In it, but not of it. TPM DC

Donald Trump is engaging in an unprecedented campaign of voter fraud fear-mongering. Not only is he putting Americans’ trust in the bedrock of U.S. democracy at risk, but what he has urged his supporters to do -- in stump speeches across the country -- would, if carried out, likely be a form of illegal voter intimidation.

Civil rights groups are already gearing up for an especially tense Election Day. Meanwhile, the federal government has been hobbled by a 2013 Supreme Court ruling in its ability to monitor elections in places with histories of voter intimidation. Of particular concern are states with loose open carry laws, where already, some armed Trump supporters have shown an interest in making their presence known at voting sites.


That chilling moment stood out even in one of the most dizzying weeks of a dizzying campaign, with Trump caught on tape bragging about groping women, numerous women coming forward to confirm he groped them, and him denying that these particular women were attractive enough for him to have groped. He also managed to insinuate that he didn't find Clinton all that attractive either, and he openly wondered why women weren't making similar sexual misconduct allegations about President Obama.

Former Republican Attorney General Michael Mukasey called Trump's debate barb that Clinton would be in jail if he were president a "watershed moment." The New York Times wrote this week how Trump's mere suggestion of locking up his political opponents reminded political scientists, not of American democracy, but of "troubled democracies abroad" in Venezuela and Zimbabwe.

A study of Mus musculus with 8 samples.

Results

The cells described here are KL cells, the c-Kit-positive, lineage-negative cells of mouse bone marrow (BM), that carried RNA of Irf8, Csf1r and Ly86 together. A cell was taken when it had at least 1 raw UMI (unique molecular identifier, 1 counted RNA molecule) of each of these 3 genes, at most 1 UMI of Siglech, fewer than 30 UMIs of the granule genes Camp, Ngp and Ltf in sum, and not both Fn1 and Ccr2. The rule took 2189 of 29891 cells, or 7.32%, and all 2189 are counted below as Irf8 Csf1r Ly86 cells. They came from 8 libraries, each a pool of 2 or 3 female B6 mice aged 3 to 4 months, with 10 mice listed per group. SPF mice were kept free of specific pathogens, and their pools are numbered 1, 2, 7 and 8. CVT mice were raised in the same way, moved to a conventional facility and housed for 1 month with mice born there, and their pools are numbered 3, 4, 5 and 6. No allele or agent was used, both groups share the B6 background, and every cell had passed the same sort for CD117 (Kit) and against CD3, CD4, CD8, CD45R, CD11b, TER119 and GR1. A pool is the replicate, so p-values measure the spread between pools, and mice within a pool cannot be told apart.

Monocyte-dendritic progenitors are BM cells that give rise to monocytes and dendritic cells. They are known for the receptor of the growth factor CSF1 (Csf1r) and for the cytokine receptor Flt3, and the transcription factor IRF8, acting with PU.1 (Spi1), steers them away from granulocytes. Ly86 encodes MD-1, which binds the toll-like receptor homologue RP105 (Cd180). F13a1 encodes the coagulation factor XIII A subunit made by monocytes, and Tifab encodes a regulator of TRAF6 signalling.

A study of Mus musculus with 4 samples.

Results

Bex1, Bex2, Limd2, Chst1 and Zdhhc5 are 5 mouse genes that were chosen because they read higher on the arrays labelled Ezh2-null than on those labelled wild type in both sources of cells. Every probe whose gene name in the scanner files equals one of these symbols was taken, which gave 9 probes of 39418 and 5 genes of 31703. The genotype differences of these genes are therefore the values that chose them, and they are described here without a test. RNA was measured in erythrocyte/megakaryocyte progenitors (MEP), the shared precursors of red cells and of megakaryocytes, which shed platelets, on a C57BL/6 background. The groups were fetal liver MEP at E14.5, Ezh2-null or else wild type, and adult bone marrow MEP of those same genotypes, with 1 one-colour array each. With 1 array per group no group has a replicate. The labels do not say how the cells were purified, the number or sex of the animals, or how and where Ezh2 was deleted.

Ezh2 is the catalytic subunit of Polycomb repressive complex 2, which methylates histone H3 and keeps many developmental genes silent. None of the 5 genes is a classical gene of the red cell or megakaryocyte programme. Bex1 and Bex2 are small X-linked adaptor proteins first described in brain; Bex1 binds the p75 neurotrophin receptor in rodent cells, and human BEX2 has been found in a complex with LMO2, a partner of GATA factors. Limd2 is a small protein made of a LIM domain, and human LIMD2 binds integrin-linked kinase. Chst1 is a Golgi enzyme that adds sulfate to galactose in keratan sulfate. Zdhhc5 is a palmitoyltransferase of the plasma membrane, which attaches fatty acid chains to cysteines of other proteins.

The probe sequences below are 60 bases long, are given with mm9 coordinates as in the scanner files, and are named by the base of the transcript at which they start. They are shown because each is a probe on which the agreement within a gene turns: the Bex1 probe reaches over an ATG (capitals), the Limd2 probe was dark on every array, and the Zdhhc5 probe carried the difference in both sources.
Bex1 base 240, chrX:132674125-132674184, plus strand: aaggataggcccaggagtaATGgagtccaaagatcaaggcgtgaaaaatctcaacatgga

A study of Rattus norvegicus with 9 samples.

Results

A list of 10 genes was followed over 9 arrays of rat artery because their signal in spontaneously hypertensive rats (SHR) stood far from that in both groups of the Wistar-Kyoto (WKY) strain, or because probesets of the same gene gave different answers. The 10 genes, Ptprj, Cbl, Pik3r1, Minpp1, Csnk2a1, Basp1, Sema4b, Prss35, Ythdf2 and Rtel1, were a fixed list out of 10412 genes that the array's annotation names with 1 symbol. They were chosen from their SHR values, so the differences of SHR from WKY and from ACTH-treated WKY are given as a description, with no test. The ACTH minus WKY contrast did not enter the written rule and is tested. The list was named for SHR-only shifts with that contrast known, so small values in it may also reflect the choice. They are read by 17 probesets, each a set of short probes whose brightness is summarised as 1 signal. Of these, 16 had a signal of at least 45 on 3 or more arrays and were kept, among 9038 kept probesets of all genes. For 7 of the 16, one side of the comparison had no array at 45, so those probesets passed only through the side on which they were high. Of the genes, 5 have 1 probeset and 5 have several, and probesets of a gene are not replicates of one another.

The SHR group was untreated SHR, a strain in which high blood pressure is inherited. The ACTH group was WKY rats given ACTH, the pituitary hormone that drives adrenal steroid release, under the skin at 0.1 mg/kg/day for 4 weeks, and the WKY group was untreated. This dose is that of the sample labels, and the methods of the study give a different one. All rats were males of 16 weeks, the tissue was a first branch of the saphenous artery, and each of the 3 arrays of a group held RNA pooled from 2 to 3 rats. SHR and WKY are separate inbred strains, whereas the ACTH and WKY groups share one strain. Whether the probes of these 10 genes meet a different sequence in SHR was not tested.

Historians who spoke with TPM about the way in which this election has defied the norms of presidential politics cited it as one of the starkest ways in which 2016 has– perhaps irreversibly– redefined our country's democratic system, but not the only one.


He is fighting for a candidate who is facing an onslaught of allegations that he groped and forcefully kissed women over several decades, the same kind of sexual impropriety that Bossie spent decades of his life alleging former President Bill Clinton was involved in.

Bossie helped write the playbook against the Clintons. He personally hit the pavement and investigated Clinton's sexual improprieties under the guise of moral superiority. His reputation on the House's Oversight Committee was that of a man laser-focused on uncovering every facet of Whitewater no matter how obscure.

"The secret spinner," Newsweek dubbed him in a 1996 profile where it chronicled his devotion to unmasking the Clintons as the corrupt face of American politics.


Blunt had just finished up an event at his alma mater Missouri State University, where he got to inform the school's chorale group they would be performing at January’s inauguration, prompting joyous tears among the singers. He was on his way to an Obamacare roundtable with health insurance professionals, where he would be able to tease out GOP talking points against the Affordable Care Act, while showing off his policy chops.


Michael Mukasey, an ex-U.S. attorney general who served under President George W. Bush, told NPR Monday that he initially deemed the GOP nominee's line at Sunday's debate that Clinton would 'be in jail" under a President Trump to be a quip, but had become concerned about Trump's promise to have his attorney general appoint a special prosecutor to re-open the case on Clinton's private email server.


Trump said that Clinton "would be in jail" if he was president and that he would "instruct the attorney general to get a special prosecutor to look into your situation."